Paddles and shovels were used for the groundbreaking at the new Gore Canyon Whitewater Park in late November. Photo courtesy of American Whitewater

Paddles and shovels were used for the groundbreaking at the new Gore Canyon Whitewater Park in late November. Photo courtesy of American Whitewater

By Eugene Buchanan

While kayaking play parks have sprouted up across the West in recent decades, the region’s biggest waterway, the Colorado River, only has one engineered kayaking park, the remarkably popular ‘wave’ in Glenwood Springs, Colo. That’s slated to change next spring, however, with construction of the Colorado’s second park near the Class V Gore Canyon.

In late November, officials from BLM, the Colorado Water Conservation Board, Grand County, local landowners and paddlers gathered together to announce the construction of the Gore Canyon Whitewater Park right where the Colorado emerges from the Gore Canyon and enters the meandering flats of the Pumphouse Recreation Area.

With the stretch boasting year-round flows, it will create a park-and-play venue usable from early spring through fall for Colorado paddlers.

The park is also integral to protecting future flows on the heavily-diverted Colorado River. Since 2010, river conservation group American Whitewater has worked with Grand County on its concept and design, and helped secure political and financial support for the project. With input from hundreds of volunteers, AW has also defined flow ranges that sustain good paddling opportunities along that section of the Colorado River.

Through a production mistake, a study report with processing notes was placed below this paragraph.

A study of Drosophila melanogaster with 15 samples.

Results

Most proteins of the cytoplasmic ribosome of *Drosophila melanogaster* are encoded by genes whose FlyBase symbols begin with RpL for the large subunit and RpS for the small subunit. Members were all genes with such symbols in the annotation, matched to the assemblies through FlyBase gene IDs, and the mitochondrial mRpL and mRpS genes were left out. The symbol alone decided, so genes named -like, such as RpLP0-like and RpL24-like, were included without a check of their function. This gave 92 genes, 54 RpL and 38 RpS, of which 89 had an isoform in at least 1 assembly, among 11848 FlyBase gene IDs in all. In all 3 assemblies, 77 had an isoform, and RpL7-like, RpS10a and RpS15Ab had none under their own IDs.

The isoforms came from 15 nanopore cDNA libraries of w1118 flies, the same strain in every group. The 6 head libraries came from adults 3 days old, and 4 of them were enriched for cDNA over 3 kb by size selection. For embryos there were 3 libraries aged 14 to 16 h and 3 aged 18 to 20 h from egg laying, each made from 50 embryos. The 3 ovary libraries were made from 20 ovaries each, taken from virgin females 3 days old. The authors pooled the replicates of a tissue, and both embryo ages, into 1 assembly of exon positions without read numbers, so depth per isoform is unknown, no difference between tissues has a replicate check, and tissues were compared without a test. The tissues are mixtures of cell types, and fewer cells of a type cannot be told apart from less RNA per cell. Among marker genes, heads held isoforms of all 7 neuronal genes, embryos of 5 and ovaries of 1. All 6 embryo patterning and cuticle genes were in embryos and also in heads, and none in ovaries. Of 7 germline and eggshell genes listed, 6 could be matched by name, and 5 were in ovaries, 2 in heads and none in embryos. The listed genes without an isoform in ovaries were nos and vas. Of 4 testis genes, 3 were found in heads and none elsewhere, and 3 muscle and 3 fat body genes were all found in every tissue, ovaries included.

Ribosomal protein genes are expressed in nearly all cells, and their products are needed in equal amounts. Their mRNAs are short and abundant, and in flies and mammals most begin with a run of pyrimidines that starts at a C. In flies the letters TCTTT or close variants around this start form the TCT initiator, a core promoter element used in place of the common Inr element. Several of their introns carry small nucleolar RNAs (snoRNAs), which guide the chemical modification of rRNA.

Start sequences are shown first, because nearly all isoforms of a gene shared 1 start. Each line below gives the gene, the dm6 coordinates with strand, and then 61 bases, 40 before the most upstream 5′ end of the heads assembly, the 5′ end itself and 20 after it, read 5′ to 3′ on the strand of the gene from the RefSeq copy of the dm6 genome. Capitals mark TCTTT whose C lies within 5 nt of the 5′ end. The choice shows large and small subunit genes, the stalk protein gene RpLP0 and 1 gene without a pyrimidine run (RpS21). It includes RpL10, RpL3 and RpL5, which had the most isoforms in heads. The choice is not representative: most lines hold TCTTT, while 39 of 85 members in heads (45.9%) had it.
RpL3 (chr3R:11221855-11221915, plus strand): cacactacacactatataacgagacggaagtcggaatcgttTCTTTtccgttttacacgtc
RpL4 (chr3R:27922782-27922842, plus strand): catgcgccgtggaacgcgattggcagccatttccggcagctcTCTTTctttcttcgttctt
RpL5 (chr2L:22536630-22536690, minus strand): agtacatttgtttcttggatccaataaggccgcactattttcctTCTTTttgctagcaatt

“The project provides important benefits to river-recreation and river-health, in Grand County and for many miles downstream,” says Nathan Fey. “This project provides certainty for downstream water users, creates new opportunities for paddlers and anglers, and complements many other river management actions currently being developed across the Colorado River Basin.”

The Gore Canyon Whitewater Park is being built in association with Grand County’s Recreational In-Channel Diversion (RICD) water right. The RICD, which was filed in 2010, will protect 2,500 cfs from being taken out of the river, consistent with Colorado Water Law. The RICD consists of a new in-channel “feature” that is required by state statute to control and measure the flow in the Colorado River at Pumphouse.

The control feature was designed by Jason Carey of River Restoration Engineers, which also built the wave in Glenwood Springs downstream.

Consisting of engineer-designed boulders placed across the stream channel that will not be visible at normal flows and will allow for fish passage at all flow rates, the feature is being built just upstream of the second Pumphouse boat ramp.

“By building this project, and securing important water rights, our communities can enjoy long-term protections for our river and for its many uses," adds Fey.

The park will enhance river-based recreational opportunities in the region; help grow the sport by providing a location for people to develop new skills; and strengthen the local economies.

The groundbreaking ceremony kicked off the construction phase of the project, which is scheduled to be complete by April 2015.

Currently, more than 70,000 people visit the area each year. "The project will provide a unique recreational experience for them," says BLM Kremmling Field Manager Stephanie Odell. "It will also provide permanent protection for water flows supporting fishing and recreational floating."

–Read more WHITEWATER KAYAK news from C&K.